Thoughts on Memorial Day
Proud to be a Card-Carrying, Flag-Waving, Patriotic American Liberal
May 30, 1994
Memorial Day has always been a somber time for me in my adult life. I have taken the time every Memorial Day weekend to ponder the meaning of the occasion, and some years the results of that pondering have been nearly overwhelming.

It is one thing to die. We all know someone who has died. We all know we will die ourselves some day.

To give up one's life to protect or save the lives of others is the ultimate act of love, especially since the only thing each of us really owns is our own life.

Yet, on Memorial Day, we honor those whose lives - and whose deaths - go even beyond that ultimate love. To die in the service to one's country - to die in the service to the United States of America - adds such a powerful meaning to that death. It touches a chord deep in my soul.

To give up one's life in service to country speaks of a love that reaches beyond those faces known to us, beyond our hometown or even home state. It speaks of a love that reaches across flooding rivers, soars to snow-covered mountain peaks, talks to the stars. It is a love that cries out from the gut, and says "my country, and all the people in it, are worth anything I have to give - even that."

I would guess that many of the young men and women who have made the ultimate sacrifice did not take the time to articulate their feelings. It is still not macho to talk about love. But their actions speak so much louder than their words.

They were there when they were needed, and they did what they had to do, because they knew it was important. And they did it for me. For you. For all the millions of faceless people they never knew, along with the hundreds and thousands they did know, and who knew their names.

They did it so you and I could spend another Memorial Day weekend, and another week and another year of our lives, in peace within our borders. As a citizen of the United States of America, I treasure that commitment to a country, and to a philosophy of government founded on the respect for diversity of all of its people. It is a commitment that ennobles us all, and points out, as no other gesture could, the power and importance of love in our lives and in our world.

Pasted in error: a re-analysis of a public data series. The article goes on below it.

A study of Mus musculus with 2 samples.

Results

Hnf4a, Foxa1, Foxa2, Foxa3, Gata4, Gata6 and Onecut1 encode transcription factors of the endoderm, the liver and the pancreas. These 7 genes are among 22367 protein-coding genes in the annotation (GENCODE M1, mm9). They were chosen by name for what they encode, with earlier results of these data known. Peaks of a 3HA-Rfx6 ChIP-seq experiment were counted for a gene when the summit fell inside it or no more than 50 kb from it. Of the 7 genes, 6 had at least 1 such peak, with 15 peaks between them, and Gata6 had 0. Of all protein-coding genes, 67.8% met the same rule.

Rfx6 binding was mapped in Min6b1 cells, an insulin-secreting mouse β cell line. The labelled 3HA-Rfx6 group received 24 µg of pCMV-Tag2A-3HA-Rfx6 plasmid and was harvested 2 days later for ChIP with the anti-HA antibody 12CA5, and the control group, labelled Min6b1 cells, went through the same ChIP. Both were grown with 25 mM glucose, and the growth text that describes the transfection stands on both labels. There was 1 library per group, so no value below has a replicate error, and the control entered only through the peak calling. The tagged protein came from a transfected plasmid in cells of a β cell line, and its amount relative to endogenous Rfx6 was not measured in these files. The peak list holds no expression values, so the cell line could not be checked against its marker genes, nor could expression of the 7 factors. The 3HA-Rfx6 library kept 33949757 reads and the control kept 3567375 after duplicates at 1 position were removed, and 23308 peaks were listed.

So it has been with great chagrin lately that I have witnessed members of Congress and officials in the Pentagon treating our active military personnel and their families as second-class citizens.

I am outraged that members of Congress, and congressional wannabees, are suggesting that we should keep unnecessary military bases open because it costs too much to clean up the toxic waste sites before turning the property over to civilians. That is saying that it is OK for military people and their families to live, work, eat and sleep on top of toxic wastes, but we have to clean everything up before we let REAL people inside.

I am outraged that the Pentagon dismisses health complaints from veterans, Vietnam veterans and now Gulf War veterans, and refuses to release, or denies the existence of, known reports on possible chemical causes.

I am outraged that people in the military have been used as guinea pigs, in bomb testing, radiation exposure, and most recently in an unscientific yet full-scale experiment to test immunity to chemical weapons in the Gulf War.

I am a Democrat running for Congress in Maine's 2nd District, for the seat now held by Olympia Snowe. Many times in the last nine months, people have asked me why I would want to do that to myself, to put myself in the midst of the vipers in Washington, why I would want to spend such a precious chunk of the only life I have trying to tackle the problems of the nation and the world.

I have always known the answer was deep down inside. I have spoken about it before, but fumbled for words.

This Memorial Day weekend has crystallized my answer to that question.

I am running for Congress out of love and out of outrage. Love for what is all around me, in this state, in this nation and in this world. Love for the people, for other living things, for the sheer forces of nature.

And outrage over what those in a position of authority are doing to us, supposedly in the name of love, but actually in the name of personal greed and lust for power.

In the United States of America, elections are about issues and philosophies. Voters should be deciding who to send to Washington based on a candidate's view of life and approach to problems. It is critical that we voters send to Congress those with the right priorities.

My priorities are people and the planet, and I will apply those priorities in my hard effort to balance the federal budget.

I will do so because all the interest on the national debt that we are paying to bankers and investors is not being spent on the real needs at hand and is dragging down our standard of living.

I will do so because all the fancy military hardware or corporate tax write-offs in the world will do us no good if we can't breath the air, drink the water, eat uncontaminated food, get to and from our homes and schools in safety, and have a healthy place in which to live and work.

We have a primary election in Maine on June 14. Free elections are an integral part of our system of government for which our veterans have died. To honor their love for us, we should vote every chance we get. Our fallen veterans deserve no less from us.